Hey gang,
Been lurking here in the shadows for a while prior to registering, sort of like a long time listener, first time caller so to speak...

So after owning a 911 years back and always dreaming of owning a 930 one day, I bit on what looks to be a very sweet all original '86 911 Turbo with 47K miles and all the history one could ever ask for. The deal certainly seems fair if all checks out, but certainly there are both more and less expensive cars available in this market. While on the surface every thing looks litterally perfect, if there are any skeletons found to be hiding in closets causing unexpected SURPRISES, there would certainly be far better deals to be had.

The full PPI with road test, compression test and leak down is set for tomorrow morning. While I have done a few primitive compression tests and even primitive leak downs on some of my own projects over the years just enough to be familar with the process(es), I was hoping some might chime in with what I should be looking for in terms of good results that should expect to see on a car of this vintage with 47K that seems to have been extremely well cared for. While I am totally pschyed about owning this sweet car and now even my wife is starting to share my enthusiasm as well (I never thought that would happen), if it looks at all like the engine is suspect as apparently some are at around the 50K mile mark, I might very well be inclined to cut my losses and just try to find another 930 with a solid power plant.

Is it just me or is the #6 often times the most usual suspect?

Thanks so much for any feedback!

Cheers, Dave, AKA RideSober

Old 11-15-2010, 04:20 PM

Dont worry about compression as much since you are doing a leakdown. If your engine is below 10% then I would say you are good to go. If it is below 5% then your engine is almost brand new.

The best time to do a leakdown is when the engine is cold. Start the car and let it run for 30 seconds. Shut it down and then go to town. This will be the most accurate numbers... from what I have heard.

With that low of miles if it has been well cared for you should be around 5-7% or less.

Best of luck with the PPI and the new car.

Bryan

I cannot imagine why anybody would settle for 10%.
Old 11-15-2010, 04:54 PM

Thanks guys, very helpful. I'll post some feedback after I get the results.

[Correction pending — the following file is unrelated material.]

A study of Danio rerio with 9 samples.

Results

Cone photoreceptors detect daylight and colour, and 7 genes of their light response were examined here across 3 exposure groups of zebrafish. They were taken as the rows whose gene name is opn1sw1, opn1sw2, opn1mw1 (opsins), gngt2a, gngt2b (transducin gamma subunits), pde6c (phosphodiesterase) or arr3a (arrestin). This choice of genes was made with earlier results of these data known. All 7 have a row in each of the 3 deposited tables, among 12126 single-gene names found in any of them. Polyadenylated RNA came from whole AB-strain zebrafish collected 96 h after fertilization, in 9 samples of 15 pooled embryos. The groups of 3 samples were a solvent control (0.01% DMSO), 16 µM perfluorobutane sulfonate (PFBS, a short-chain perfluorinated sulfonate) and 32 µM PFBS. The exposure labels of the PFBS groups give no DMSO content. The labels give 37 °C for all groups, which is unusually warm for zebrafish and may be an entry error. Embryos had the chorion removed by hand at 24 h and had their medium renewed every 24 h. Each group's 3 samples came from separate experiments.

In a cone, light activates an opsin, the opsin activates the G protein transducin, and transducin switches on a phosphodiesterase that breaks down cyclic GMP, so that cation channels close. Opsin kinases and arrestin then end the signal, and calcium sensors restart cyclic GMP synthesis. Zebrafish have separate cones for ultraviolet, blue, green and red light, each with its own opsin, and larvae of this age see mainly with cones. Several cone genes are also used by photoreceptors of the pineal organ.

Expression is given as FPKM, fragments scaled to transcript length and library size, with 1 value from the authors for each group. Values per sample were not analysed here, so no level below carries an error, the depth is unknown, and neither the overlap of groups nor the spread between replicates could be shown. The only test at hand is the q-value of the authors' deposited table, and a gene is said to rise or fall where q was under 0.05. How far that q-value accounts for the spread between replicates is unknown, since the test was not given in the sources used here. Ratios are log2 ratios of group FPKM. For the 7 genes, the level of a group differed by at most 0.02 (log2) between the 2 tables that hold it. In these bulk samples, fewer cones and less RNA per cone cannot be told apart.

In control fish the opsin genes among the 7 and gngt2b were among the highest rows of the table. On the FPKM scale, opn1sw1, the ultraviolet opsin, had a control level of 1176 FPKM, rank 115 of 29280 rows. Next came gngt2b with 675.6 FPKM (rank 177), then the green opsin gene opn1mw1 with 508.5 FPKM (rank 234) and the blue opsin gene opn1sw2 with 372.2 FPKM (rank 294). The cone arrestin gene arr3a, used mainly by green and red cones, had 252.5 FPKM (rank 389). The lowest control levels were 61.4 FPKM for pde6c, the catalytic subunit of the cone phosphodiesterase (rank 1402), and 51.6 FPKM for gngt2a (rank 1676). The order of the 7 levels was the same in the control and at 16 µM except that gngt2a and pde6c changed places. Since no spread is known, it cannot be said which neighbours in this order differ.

I did read Wayne's article here about compression and leak down testing, and in the portion about leak down testing it was stated:

"A newly rebuilt engine should have leak down percentages of around 3-5%. An engine in good running condition should show 10% or less. Numbers around 20% indicate some wear of the engine but are still adequate for good engine operation. Leakage numbers around 30% indicate that there are problems brewing, and that a rebuild may be necessary."

I guess if the car is already yours, and you are testing it to see if you need to do a rebuild, then OK, I guess those maybe some marginal but acceptable tolerances. But in my case I think I had already pretty much resolved in my mind I would not accept much more than about 3-4%.

Thanks DDDD for informing me that is what you saw at 40K, and that is what I would have expected. I certainly do hope they don't find any more than that because I really do love this car.
Old 11-15-2010, 08:45 PM

I have 46k on the clock now and the dam thing pulls like an OX! No smoke on startup ice cold.
Like Bryan said anything south of 10% is just fine IF the car appears loved.

Funny you mention #6, I owned a new Boxster that bleed like a biotch through that cylinder, but only sometimes.
Mech told me that it depended on where the piston/valves were positioned when you shut the motor down :/

Good luck!

I am really disapointed, but I guess it is far better to learn the bad news now and avoid an expensive mistake. Two of the cylinders had extensive leakage, the number 2 was 18%, and the number 6 was 32%.

Even the Porsche service manager said you would have never guessed by the way the car ran...

Gosh, what a beautiful car.

Last edited by RideSober; 11-16-2010 at 02:46 PM..
Old 11-16-2010, 02:44 PM
Old 11-16-2010, 02:56 PM
Old 11-16-2010, 05:18 PM

...you're going to want to measure the cylinders, and given the issues already found by the leakdown my money is on they will be out of spec. New pistons and cylinders are 4k just for parts.

Take 15k off the price and then maybe you can still consider this car, otherwise start shopping for a car with a freshly rebuilt engine. That's what I'd do in your shoes, and they are around.